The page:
Understand the importance of cellular connectivity in a class A building
Have you ever been on the 60th floor of a modern, newly built class A commercial office building and your call drops or you can’t tell whether the person on the other line can hear you? It’s a common problem.
According to a recent survey, nearly 74% of office workers said that they experience poor cellular connectivity in their workplaces. While building owners have looked to carriers to solve the problem, experts say a changing landscape in the provision of cellular connectivity is putting the onus on commercial building owners to provide a robust cellular service within their properties.
“Historically the community hasn’t been concerned about mobile connectivity because they have looked at Verizon and T-Mobile to solve the problem. They are now embracing the concept that carriers cannot afford to build out every environment,” said Scott Willis, CEO of Zinwave, at the recent In-Building Technology launch event.
In the past carriers such as AT&T and Verizon made the investments in DAS that boosted indoor cellular signals for their customers in high mobile traffic venues such as sports arenas, large office complexes, and airports.
However, as the number of mobile devices in use grew exponentially, carriers were unable to keep up with demand for outdoor cellular signal services and are unable to devote resources towards the provision of cellular signals inside of buildings.
This responsibility has now fallen squarely on the shoulders of the building’s owners and managers.
Concurrently there has been a massive boost in the requirement of mobile connectivity in the workplace as more companies have started using cloud-based applications and messaging apps for communication. This is ramping up the demand for better connectivity from tenants in commercial office buildings.
Many tenants will not pursue a property a potential leasing space if it does not meet their cellular connectivity requirements, experts say.
“Tenants today are smarter than they used to be when it comes to what coverage means to them and how they want to use it because they are getting smarter the demands on the building owners are increasing. They expect everything to work. They want infrastructure that they invested in yesterday to work today and tomorrow. They don’t want any interruption or change and expect connectivity to work,” said Dennis Rigney, vice president of Sales at SOLiD, a manufacturer of OEM mobility antenna systems.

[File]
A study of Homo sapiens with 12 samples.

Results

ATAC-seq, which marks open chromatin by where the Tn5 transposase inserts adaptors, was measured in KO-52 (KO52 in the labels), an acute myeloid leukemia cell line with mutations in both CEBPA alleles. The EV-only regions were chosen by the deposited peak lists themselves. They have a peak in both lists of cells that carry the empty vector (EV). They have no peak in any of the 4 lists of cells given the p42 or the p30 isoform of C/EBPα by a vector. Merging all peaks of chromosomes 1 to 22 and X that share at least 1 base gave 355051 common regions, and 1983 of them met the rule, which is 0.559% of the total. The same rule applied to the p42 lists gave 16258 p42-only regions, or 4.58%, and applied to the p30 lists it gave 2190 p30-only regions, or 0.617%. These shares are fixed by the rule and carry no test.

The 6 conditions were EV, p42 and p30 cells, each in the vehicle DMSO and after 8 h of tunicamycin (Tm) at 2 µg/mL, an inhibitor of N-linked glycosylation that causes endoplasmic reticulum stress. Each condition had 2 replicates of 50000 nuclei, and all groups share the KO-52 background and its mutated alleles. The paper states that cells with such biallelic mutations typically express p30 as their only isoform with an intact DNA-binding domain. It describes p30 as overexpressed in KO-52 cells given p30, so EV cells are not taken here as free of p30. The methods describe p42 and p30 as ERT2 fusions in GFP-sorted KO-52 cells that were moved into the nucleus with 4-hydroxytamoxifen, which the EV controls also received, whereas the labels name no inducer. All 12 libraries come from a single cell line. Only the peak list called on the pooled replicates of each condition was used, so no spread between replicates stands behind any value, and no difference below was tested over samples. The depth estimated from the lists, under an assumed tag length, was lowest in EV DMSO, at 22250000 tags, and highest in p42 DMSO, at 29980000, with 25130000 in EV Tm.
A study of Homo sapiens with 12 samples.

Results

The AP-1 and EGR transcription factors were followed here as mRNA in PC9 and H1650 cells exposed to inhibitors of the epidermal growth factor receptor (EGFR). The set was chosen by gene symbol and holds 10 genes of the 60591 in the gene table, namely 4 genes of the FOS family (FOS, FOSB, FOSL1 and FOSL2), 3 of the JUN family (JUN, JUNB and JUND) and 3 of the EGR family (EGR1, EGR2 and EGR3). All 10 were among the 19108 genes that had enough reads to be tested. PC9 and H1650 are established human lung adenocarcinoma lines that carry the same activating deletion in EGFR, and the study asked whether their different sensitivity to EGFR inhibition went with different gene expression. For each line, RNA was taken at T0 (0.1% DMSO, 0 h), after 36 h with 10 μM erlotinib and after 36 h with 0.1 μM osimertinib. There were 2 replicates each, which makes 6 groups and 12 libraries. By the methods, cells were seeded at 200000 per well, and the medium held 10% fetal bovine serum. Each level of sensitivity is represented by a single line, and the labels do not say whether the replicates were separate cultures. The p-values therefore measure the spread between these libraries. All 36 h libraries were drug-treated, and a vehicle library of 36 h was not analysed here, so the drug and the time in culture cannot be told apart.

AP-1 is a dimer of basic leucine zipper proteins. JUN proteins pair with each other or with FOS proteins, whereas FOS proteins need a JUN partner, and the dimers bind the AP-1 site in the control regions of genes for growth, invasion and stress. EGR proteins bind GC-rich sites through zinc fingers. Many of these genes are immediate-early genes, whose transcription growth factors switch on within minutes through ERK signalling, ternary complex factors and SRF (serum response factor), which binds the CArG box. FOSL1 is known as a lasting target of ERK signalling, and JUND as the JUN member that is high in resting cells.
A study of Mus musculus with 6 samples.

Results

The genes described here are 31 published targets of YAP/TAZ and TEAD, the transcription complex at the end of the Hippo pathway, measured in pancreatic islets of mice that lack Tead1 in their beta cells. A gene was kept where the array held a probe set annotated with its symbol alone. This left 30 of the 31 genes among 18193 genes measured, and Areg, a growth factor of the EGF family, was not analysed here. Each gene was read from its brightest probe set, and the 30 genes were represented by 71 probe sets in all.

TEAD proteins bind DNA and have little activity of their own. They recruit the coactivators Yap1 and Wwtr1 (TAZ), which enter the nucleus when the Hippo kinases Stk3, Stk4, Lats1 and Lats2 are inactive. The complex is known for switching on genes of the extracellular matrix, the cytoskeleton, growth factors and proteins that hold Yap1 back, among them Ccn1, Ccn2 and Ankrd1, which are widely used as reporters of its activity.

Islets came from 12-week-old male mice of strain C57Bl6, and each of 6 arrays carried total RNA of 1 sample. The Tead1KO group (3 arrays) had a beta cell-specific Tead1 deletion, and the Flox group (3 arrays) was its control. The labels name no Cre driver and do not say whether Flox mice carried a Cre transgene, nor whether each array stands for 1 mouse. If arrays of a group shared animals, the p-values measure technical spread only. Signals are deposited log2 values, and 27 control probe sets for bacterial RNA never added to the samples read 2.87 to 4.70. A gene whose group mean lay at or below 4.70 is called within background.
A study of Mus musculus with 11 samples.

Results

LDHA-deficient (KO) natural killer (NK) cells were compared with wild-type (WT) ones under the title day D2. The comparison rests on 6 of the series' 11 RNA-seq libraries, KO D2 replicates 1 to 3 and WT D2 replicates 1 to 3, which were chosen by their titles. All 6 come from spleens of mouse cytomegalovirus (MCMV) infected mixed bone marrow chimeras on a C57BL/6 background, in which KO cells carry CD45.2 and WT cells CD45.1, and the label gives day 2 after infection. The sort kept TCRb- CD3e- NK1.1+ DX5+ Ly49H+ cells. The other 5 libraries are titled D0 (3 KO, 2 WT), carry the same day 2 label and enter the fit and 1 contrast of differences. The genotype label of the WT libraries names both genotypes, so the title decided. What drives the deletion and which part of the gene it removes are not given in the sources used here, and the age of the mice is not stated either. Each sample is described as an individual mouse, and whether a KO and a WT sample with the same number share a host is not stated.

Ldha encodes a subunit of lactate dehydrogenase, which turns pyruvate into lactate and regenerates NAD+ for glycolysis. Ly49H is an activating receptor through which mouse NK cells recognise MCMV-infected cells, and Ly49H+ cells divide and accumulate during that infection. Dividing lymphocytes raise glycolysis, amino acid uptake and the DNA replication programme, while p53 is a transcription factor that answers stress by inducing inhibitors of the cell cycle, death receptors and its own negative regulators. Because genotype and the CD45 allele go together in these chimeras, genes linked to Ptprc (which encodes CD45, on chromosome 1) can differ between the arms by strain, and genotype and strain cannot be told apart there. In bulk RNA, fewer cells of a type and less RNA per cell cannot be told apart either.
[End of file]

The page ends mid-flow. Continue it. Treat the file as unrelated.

As building owners grapple with realities of the high costs of installing a robust connectivity backbone many dismiss the need and say the tenant can install it they really need it, experts say. However due competition in the marketplace either they will eventually adapt, or be left with empty buildings.
“The I’ve got four wall and windows and let the tenant deal with the problem days are over. The pain point is going to come when Google and Yelp doesn’t rent their space, and they are 50% vacant,” said Bill DelGrego, vice president of Business Development, ExteNet Systems
Today there are many cost-effective options available to building owners to overcome cellular connectivity problems. However, to determine which solutions work best it’s critical that owners educate themselves on both the economics and the long-term viability of solutions to future-proof their buildings.
“Building owners need to understand all the technology choices for them to enable wireless cellular connectivity. Helping building owners to understand what is currently available and stay ahead is critical,” DelGrego said.
Owners should be asking themselves questions like what are my choices and will they also be a good choice downstream three to five years from now?
Due to the overload in the carrier side building owners who install a robust cellular connectivity infrastructure can also monetize their investments by selling a portion of their capacity back to carriers, experts say.
“One thing that owners should understand is that the technology will not only increase rents but also monetize their buildings. It can become a revenue source and enable them to sell the capacity inside that building to carriers,” Del Grego added.
For carriers, this eases the load on them to provide cellular coverage. While in the past the idea of sharing an untrusted internet was not something Verizon or AT&T would consider, today partnerships are emerging between owners and carriers, said Donnie Kruse, senior manager, at Network Implementation at Verizon Wireless.